In the manual it says it just checks for slipping wheel.

Does that mean that it won't prevent a flip?

I'd like to practice a wheelie but I would like the TC to help me in case it gets out of control.
 

 

EDIT: I should clarify, TC1 will kill the wheelie once the front wheel slows down, you won't be able to carry it down the street.
 


If you want to practice wheelies, IMO, turn TC fully off and practice them in first gear using just engine power.
 


Sent from my POCOPHONE F1 using Tapatalk
 

by the sounds of it, it seems you are only getting into wheelies now,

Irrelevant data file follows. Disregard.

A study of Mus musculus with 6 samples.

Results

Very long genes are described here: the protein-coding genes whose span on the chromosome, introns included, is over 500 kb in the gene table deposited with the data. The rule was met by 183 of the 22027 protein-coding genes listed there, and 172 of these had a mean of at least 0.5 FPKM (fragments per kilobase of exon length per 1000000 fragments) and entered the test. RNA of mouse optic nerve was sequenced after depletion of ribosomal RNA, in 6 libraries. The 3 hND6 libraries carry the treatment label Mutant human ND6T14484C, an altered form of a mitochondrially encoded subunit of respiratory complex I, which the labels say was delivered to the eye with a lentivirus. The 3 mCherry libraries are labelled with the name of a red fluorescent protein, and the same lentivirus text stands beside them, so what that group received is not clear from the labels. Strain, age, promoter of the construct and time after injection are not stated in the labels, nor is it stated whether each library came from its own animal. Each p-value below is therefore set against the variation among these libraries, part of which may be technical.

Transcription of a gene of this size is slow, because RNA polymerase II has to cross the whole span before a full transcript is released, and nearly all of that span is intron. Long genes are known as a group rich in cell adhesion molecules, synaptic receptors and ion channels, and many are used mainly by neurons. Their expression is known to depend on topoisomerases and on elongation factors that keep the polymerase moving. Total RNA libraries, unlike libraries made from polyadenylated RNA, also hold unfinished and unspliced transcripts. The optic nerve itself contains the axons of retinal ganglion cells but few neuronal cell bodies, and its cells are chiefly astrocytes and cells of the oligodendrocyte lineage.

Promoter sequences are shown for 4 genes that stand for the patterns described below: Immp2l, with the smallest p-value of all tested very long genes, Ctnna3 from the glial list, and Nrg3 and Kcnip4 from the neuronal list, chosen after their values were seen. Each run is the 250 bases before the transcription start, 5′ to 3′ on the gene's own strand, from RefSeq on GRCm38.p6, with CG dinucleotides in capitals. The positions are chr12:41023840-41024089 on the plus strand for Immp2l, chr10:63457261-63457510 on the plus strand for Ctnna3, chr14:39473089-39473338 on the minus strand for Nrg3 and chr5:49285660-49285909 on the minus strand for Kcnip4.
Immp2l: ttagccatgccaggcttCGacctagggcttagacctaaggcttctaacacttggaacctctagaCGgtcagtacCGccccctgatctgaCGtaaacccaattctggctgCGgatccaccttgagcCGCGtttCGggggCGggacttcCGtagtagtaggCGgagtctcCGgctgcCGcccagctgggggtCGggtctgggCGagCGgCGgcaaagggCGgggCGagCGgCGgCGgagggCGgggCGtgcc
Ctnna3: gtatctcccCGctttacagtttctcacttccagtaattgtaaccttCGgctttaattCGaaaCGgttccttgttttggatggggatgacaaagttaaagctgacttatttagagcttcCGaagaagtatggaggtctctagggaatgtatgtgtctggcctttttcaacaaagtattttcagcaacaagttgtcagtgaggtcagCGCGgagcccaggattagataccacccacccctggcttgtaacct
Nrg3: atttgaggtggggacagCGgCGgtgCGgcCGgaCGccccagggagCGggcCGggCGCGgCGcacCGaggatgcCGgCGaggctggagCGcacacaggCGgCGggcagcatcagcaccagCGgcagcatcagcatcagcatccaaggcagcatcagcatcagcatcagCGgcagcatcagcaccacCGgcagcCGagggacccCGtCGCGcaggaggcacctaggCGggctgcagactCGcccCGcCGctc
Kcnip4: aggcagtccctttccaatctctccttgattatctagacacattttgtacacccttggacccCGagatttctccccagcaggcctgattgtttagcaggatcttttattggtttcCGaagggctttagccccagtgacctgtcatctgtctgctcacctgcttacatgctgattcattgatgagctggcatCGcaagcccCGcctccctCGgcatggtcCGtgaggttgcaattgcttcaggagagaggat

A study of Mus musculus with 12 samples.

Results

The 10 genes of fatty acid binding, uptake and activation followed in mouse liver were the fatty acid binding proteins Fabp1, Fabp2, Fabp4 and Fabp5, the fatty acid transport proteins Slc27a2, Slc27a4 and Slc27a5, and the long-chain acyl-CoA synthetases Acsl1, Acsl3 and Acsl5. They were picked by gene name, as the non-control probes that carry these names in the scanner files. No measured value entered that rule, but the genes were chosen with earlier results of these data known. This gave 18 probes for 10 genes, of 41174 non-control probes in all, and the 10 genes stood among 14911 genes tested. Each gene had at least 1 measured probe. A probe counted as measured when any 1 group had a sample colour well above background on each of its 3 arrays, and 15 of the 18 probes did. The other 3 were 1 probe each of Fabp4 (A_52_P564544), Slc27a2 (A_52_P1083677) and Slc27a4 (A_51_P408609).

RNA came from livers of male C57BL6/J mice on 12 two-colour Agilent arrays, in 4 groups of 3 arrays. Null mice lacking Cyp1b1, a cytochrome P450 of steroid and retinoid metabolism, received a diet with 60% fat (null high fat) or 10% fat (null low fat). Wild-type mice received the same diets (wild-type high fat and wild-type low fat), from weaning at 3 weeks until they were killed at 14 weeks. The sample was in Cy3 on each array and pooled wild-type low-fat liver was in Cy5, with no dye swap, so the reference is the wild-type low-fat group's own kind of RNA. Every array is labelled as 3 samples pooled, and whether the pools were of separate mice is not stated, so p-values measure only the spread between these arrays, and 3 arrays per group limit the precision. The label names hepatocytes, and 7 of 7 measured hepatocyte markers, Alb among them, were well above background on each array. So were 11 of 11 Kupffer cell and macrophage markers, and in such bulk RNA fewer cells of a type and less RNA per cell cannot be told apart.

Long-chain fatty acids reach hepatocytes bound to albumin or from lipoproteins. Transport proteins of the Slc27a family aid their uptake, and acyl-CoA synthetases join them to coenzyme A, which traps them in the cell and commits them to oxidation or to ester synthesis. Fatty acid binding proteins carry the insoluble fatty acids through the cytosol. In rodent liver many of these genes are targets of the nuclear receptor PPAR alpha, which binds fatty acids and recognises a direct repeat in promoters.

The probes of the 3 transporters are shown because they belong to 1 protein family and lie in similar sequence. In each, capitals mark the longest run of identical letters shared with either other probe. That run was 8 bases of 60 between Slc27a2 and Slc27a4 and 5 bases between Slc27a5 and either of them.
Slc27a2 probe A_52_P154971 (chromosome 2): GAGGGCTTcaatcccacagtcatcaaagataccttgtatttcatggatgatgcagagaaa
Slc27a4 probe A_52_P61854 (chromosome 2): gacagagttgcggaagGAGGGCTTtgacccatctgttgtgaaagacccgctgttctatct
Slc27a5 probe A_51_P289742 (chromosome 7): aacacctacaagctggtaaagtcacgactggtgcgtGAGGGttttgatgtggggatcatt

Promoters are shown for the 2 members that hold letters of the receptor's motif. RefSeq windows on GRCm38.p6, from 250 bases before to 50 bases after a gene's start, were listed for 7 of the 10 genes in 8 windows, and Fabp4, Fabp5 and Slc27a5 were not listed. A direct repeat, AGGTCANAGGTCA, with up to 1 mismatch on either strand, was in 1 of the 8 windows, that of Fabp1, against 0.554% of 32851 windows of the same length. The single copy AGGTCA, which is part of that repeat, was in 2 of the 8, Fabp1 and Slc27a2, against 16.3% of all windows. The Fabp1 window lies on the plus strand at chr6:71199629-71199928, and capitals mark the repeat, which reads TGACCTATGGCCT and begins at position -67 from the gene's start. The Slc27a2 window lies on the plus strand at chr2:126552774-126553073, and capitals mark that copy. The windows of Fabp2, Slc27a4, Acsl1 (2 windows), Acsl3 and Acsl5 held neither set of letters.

my advice would have been to cover the rear brake and catch it when it goes over the balance point, but that takes a lot of close calls and practice to get used to that feeling,

I would rather say to just buy an old POS and practice with that, as the panels on our bikes are stupid expensive,
once you feel comfortable, then turn TC off and enjoy your bike, these bikes love to stand on one wheel... ;)
I had a small slide on mine(not wheelie related) but 3 panels cost more than my entire race bike's fairing kit
 


Wheelie control, on bikes with fancier electronics, uses sensors to detect the angle of the bike. It will allow a certain amount, and intervene accordingly. Much less abruptly than traction control does. Again, any sensor can be defeated, so don't rely on them to save you no matter what you do. Even bikes with wheelie control aren't meant to be used to practice stand up wheelies. The idea is to allow maximum acceleration without looping the bike.